It is nearly impossible to keep repeat drunk drivers off the road. All kinds of tactics have been tried, and most fail.
Examples include Jerry Owca, who has ten DUIs. He killed three people on Brookpark Road in 1984, yet spent only about a year in jail. He now faces a new DUI case and again has been charged with only a misdemeanor.
Another example is John Stolarski. Immediately after having his license suspended in court, he prepared to drive his car until we confronted him. We went to his home a couple of weeks later and within ten minutes, we saw him driving again. After that he went to jail.
But is jail or prison the answer?
Parma Judge Timothy Gilligan thinks long prison terms are the answer for repeat drunk drivers. Treatment is not, he says, "I have seen where they quit for a period and then something triggers it, something happens. A death in the family, a divorce."
Another example is James Cline. Prison is working to keep him from driving. The Geauga County man killed two Hiram College students and seriously injured another while driving drunk. He was sentenced to 38 years, but remember, it was his 12th DUI.
Had Cline been locked up earlier his victims might still be alive.
"The legislative focus is very much on first time offenders and I think that's kind of a missed direction of the focus. I really think the focus should be on the multiple offenders," says Judge Gilligan.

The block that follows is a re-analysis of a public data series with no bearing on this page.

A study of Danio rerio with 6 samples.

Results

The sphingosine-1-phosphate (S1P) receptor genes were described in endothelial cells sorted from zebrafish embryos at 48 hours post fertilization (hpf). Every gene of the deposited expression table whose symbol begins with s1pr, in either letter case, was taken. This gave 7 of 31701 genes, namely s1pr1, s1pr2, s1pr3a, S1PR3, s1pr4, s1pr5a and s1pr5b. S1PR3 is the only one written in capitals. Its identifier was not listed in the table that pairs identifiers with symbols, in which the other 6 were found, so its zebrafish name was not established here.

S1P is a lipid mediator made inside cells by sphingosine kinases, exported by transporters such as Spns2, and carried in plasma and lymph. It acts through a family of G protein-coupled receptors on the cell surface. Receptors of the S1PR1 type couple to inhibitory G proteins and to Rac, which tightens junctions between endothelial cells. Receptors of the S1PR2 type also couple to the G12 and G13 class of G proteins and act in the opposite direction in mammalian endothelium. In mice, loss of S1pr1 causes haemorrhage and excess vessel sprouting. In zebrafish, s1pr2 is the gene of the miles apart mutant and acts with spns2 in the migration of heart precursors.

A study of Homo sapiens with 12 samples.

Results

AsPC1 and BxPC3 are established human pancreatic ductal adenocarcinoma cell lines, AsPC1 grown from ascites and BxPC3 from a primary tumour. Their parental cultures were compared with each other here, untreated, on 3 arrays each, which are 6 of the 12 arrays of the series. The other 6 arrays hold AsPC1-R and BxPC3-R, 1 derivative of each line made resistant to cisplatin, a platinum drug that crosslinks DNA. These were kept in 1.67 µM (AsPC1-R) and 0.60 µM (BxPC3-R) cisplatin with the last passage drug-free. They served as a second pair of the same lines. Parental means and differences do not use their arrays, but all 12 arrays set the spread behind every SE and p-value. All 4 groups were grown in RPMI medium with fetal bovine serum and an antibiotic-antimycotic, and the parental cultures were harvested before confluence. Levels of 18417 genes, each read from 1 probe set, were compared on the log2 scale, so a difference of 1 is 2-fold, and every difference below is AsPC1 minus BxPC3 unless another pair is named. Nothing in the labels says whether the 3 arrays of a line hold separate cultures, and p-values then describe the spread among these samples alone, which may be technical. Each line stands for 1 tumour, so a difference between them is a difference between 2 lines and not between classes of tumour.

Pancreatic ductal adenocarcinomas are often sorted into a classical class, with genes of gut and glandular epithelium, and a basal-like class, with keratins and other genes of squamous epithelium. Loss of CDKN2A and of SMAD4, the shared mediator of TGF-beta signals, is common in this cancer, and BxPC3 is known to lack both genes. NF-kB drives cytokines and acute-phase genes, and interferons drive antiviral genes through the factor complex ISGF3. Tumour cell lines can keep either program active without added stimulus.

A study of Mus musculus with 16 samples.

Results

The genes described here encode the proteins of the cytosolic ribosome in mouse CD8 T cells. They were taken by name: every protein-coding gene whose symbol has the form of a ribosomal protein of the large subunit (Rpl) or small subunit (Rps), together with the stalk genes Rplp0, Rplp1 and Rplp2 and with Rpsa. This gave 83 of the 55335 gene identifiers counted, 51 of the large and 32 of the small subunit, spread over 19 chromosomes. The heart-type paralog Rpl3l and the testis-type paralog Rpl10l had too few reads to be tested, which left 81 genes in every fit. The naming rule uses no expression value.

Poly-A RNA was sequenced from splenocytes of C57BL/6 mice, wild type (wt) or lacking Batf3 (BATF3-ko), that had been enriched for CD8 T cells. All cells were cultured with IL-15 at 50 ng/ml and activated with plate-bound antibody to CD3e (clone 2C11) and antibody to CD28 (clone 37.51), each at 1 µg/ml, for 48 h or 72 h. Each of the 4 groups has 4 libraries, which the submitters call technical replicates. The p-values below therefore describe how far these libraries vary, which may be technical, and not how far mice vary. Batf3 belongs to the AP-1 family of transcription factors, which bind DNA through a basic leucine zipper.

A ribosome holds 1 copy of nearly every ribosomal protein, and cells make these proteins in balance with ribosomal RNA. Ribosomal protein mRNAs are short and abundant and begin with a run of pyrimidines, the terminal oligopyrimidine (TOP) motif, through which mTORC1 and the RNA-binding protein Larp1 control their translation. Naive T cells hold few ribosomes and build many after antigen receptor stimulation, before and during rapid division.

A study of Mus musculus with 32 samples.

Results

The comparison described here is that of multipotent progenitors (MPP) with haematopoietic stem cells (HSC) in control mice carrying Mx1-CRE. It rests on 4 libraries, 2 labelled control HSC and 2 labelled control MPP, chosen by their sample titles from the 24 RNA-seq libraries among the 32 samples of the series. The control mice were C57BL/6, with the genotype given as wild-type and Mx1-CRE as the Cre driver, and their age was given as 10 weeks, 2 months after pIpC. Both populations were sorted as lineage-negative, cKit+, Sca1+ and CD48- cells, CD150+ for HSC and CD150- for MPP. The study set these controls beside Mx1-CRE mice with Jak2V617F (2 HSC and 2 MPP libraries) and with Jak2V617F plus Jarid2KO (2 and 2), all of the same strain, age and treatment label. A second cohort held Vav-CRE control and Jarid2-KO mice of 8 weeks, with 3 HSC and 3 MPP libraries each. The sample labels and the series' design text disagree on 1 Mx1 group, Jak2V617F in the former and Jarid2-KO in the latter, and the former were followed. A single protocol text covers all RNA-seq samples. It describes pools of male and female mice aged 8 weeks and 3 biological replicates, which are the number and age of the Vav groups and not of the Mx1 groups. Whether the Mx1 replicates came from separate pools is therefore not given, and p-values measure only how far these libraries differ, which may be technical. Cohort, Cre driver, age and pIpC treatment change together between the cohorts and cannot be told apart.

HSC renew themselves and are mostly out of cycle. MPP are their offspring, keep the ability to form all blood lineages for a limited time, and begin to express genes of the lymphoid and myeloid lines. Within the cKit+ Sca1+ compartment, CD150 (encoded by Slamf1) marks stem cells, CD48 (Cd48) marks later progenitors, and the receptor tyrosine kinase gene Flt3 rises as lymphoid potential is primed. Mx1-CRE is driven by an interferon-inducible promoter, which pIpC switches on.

There are exceptions. Some people do quit drinking and driving. Todd Manley had 18 convictions and 32 suspensions. He finally spent six and a half years in prison. He has had no DUIs since. Judge Gilligan calls that "highly unusual."
Then there are the enablers. James Cline's girlfriend Karen Hensley was sent to prison for allowing Cline to drive her car. But it is rare for an
enabler to be punished, according to Gilligan.
"They are charged. I've seen it. Most of those instances they come in and say 'look I didn't have a choice, he took my car. He didn't ask me, he took it.' So they generally have a pretty good defense," says Gilligan.
Remember, prosecutors are simply following the law in charging people with six or fewer DUIs in 20 years, or fewer than four in three years with misdemeanors.
Any change would have to come from Columbus.